What is the Shortest Interval of Time Ever Measured?

  • Edited By: Bronwyn Harris
  • Last Modified Date: 08 September 2019

The computer you are using to access this web page probably runs somewhere a little over 1 GHz, or gigahertz, which means it executes about a billion operations per second. The shortest interval of time yet measured, 100 attoseconds, could fit into that one instruction about a billion times. 100 attoseconds is also the amount of time it takes for light to travel about 33 nanometers, and it is no coincidence that the time interval measured is roughly equal to the time it takes light to traverse the wavelength of an extreme ultraviolet wave. Further probing with x-rays or gamma rays could reduce the shortest interval of time measured into the low attoseconds, and maybe even into the zeptoseconds (billion trillionths of a second).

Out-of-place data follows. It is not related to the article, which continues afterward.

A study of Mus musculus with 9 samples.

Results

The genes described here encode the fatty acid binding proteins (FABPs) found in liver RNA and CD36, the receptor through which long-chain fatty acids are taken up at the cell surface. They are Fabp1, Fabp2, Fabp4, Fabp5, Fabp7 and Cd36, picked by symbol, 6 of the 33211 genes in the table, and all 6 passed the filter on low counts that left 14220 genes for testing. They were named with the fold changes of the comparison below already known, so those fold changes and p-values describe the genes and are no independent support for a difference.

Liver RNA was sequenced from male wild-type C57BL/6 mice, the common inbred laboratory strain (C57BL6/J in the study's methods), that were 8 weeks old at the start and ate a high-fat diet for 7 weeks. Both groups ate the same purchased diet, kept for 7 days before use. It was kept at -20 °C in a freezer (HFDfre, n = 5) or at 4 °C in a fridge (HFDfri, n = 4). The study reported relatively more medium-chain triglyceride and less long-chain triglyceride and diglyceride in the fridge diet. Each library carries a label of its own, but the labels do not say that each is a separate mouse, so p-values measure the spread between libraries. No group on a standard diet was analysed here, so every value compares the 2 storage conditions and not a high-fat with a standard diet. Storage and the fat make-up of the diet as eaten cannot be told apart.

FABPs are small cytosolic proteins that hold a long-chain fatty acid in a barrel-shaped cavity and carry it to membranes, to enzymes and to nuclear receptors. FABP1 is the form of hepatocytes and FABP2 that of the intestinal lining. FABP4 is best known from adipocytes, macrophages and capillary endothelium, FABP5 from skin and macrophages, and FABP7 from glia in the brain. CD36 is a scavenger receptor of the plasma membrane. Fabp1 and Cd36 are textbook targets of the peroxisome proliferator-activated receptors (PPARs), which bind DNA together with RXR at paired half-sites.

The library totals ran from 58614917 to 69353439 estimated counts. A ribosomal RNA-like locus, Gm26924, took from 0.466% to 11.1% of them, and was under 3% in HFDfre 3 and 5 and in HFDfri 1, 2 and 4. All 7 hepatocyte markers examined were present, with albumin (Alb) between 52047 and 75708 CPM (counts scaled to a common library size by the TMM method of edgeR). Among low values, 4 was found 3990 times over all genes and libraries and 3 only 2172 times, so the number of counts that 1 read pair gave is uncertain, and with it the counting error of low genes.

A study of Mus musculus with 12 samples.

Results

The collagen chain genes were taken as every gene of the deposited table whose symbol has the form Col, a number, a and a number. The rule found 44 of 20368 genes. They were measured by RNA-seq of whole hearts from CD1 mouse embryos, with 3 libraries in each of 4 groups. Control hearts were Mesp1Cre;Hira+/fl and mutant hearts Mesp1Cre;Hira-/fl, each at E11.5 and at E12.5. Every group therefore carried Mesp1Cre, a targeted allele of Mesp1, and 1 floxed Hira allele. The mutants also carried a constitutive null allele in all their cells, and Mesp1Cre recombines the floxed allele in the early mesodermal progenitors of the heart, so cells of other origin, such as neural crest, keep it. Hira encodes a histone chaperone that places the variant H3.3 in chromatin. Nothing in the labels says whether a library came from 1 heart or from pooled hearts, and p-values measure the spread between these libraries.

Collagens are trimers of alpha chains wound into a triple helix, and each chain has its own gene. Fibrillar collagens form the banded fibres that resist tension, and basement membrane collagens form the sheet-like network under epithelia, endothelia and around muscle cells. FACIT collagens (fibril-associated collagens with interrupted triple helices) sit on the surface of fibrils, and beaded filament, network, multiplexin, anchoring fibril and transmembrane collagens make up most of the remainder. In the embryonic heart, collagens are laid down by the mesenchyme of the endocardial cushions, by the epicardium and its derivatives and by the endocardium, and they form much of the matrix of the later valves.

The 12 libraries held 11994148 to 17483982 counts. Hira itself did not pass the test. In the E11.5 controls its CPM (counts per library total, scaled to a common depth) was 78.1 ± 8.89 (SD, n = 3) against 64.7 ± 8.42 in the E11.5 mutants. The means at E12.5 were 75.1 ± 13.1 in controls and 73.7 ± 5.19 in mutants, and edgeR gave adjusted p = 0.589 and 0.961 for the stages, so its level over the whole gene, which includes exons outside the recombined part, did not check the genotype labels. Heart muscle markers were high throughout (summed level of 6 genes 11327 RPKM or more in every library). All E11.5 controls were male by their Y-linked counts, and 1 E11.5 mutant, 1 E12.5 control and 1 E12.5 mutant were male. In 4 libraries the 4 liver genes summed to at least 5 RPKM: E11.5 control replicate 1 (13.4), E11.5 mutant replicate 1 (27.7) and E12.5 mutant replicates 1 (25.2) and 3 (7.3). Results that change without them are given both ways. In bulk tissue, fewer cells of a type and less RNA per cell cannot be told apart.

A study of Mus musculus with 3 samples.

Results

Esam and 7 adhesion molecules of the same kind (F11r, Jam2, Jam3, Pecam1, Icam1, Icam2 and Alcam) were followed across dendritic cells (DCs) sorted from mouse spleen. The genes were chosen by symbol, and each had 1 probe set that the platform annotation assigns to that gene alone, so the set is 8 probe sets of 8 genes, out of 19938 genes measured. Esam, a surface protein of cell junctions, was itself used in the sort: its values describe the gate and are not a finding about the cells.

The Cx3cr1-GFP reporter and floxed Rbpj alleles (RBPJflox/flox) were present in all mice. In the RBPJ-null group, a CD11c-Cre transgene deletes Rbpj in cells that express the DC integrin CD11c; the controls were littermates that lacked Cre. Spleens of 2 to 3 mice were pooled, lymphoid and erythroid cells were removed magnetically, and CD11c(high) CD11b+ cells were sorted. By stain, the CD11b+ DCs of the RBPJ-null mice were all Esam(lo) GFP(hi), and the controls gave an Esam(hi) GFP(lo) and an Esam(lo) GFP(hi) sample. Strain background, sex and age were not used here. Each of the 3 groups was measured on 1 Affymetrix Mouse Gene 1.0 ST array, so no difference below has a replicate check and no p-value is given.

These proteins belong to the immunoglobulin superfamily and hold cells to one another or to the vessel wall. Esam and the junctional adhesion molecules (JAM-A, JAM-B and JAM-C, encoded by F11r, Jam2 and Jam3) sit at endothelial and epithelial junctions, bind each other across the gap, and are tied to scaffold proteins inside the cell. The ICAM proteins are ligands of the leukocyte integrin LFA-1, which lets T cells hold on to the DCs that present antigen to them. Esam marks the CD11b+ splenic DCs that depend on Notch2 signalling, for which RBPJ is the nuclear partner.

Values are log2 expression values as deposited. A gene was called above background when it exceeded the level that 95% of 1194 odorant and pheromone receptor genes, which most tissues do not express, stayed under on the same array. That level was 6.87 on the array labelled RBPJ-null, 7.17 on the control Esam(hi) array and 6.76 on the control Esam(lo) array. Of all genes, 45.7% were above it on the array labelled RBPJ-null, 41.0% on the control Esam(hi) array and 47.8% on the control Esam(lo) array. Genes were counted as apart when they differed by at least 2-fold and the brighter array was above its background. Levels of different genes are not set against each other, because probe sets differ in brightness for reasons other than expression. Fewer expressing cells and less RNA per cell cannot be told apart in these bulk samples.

Despite how tiny an interval of time 100 attoseconds is, it is still 28 orders of magnitude above the smallest physically meaningful time length, the Planck time. At that tiny interval of time, quantum fluctuations make it hard to make out any distinct direction of causality. But at 100 attoseconds, atomic interactions are very much stable.

There are some biological processes which occur at very low timescales. For example, the pigments in your eye that detect incoming light respond within about 100 femtoseconds (fs), or about 1,000 times greater than the shortest interval measured. Many quick chemical reactions take place in the femtosecond range. Subatomic events, such as the ejection of the electron from the nucleus as in this experiment, are one of the only observable events that takes place on such short timescales.